Nursing Home Work Environment and the Risk of Pressure Ulcers and Incontinence
Article first published online: 18 NOV 2011
© Health Research and Educational Trust
Health Services Research
Volume 47, Issue 3pt1, pages 1179–1200, June 2012
How to Cite
Temkin-Greener, H., Cai, S., Zheng, N. T., Zhao, H. and Mukamel, D. B. (2012), Nursing Home Work Environment and the Risk of Pressure Ulcers and Incontinence. Health Services Research, 47: 1179–1200. doi: 10.1111/j.1475-6773.2011.01353.x
- Issue published online: 8 MAY 2012
- Article first published online: 18 NOV 2011
- National Institute on Aging. Grant Number: R01 AG23077
- Nursing homes;
- health outcomes;
- staff cohesion;
- consistent assignment
To examine the association between nursing home (NH) work environment attributes such as teams, consistent assignment and staff cohesion, and the risk of pressure ulcers and incontinence.
Minimum dataset for 46,044 residents in 162 facilities in New York State, for June 2006–July 2007, and survey responses from 7,418 workers in the same facilities.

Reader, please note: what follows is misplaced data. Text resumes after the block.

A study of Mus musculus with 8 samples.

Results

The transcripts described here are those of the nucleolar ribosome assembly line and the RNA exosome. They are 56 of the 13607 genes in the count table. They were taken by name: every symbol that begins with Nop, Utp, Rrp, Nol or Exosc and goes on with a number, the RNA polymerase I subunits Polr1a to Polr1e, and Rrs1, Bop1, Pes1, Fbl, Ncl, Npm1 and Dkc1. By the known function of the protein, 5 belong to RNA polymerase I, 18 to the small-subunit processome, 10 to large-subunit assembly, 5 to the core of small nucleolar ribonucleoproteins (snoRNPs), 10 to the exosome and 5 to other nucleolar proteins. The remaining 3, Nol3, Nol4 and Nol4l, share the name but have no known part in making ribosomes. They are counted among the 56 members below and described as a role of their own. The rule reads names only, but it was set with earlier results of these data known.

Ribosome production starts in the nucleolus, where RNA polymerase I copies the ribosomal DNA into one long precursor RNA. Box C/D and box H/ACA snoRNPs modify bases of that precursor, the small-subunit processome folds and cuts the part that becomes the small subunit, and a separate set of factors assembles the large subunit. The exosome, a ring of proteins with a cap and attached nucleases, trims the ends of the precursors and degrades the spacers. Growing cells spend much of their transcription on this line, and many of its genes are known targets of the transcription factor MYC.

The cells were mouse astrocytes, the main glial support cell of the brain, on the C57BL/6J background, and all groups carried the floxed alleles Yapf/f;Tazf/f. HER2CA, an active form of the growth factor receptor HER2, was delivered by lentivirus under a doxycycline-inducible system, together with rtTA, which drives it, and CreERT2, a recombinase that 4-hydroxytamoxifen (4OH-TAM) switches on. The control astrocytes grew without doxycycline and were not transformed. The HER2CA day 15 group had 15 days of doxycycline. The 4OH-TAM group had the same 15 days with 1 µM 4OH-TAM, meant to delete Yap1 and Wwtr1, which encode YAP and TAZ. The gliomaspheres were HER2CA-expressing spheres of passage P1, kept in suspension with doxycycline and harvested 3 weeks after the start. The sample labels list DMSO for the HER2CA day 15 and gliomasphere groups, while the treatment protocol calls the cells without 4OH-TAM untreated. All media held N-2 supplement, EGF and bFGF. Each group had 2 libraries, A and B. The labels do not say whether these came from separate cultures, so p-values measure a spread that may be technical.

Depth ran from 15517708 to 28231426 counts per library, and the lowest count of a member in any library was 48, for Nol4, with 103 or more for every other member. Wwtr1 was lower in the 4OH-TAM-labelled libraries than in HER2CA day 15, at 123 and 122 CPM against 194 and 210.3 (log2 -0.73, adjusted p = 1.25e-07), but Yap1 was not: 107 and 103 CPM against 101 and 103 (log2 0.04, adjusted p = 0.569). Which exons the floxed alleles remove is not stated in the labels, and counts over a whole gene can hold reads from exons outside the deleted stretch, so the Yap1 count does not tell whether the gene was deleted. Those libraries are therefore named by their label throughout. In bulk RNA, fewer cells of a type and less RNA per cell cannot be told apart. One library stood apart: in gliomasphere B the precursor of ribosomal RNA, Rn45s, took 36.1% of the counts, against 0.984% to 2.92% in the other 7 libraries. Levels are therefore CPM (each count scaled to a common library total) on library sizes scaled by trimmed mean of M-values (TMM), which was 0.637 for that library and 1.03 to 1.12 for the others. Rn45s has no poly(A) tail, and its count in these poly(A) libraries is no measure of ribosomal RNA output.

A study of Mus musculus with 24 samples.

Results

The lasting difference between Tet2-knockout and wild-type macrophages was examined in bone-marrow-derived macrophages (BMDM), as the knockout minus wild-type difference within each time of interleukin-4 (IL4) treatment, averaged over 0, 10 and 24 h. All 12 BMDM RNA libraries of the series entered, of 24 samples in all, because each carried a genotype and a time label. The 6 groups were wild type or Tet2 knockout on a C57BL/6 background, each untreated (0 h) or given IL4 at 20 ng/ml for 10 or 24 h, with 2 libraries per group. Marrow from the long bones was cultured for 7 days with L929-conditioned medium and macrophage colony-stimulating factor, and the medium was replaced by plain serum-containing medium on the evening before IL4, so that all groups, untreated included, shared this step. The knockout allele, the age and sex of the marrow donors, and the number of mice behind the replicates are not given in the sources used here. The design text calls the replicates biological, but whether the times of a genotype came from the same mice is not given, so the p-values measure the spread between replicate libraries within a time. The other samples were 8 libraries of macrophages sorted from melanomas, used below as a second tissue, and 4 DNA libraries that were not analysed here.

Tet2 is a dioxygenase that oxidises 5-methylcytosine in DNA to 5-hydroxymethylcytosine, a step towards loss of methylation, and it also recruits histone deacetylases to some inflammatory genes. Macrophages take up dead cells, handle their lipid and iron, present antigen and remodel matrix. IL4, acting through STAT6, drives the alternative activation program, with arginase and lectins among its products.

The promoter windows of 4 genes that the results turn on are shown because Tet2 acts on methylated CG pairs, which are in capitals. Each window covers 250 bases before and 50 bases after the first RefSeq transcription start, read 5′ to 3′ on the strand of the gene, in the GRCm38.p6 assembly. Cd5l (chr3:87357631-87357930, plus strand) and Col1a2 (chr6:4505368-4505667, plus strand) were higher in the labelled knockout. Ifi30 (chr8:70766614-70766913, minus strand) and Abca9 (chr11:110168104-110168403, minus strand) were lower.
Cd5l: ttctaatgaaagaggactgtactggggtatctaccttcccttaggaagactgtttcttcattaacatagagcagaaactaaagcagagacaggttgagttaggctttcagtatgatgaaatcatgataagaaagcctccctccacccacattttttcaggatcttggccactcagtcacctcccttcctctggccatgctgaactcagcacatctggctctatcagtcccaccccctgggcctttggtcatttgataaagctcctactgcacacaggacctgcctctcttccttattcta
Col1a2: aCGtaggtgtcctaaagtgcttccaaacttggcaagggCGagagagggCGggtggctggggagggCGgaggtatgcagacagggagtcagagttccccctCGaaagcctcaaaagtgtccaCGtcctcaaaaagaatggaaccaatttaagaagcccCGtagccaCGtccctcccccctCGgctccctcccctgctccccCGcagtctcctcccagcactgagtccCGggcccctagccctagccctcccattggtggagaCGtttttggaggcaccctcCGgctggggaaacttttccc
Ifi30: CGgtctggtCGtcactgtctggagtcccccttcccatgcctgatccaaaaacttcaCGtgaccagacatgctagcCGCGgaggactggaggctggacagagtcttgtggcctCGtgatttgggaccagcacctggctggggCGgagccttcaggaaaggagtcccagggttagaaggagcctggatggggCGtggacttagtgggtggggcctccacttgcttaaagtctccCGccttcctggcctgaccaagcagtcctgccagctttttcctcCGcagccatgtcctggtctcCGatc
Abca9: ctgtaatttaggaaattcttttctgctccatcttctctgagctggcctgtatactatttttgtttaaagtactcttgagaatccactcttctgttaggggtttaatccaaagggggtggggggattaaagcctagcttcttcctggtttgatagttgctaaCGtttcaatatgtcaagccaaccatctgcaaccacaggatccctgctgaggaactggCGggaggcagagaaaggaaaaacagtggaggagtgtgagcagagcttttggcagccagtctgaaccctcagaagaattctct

For each individual and facility, primary and secondary data were linked. Random effects logistic models were used to develop/validate outcome measures. Generalized estimating equation models with robust standard errors and probability weights were employed to examine the association between outcomes and work environment attributes. Key independent variables were staff cohesion, percent staff in daily care teams, and percent staff with consistent assignment. Other facility factors were also included.
Residents in facilities with worse staff cohesion had significantly greater odds of pressure ulcers and incontinence, compared with residents in facilities with better cohesion scores. Residents in facilities with greater penetration of self-managed teams had lower risk of pressure ulcers, but not of incontinence. Prevalence of consistent assignment was not significantly associated with the outcome measures.
NH environments and management practices influence residents’ health outcomes. These findings provide important lessons for administrators and regulators interested in promoting NH quality improvement.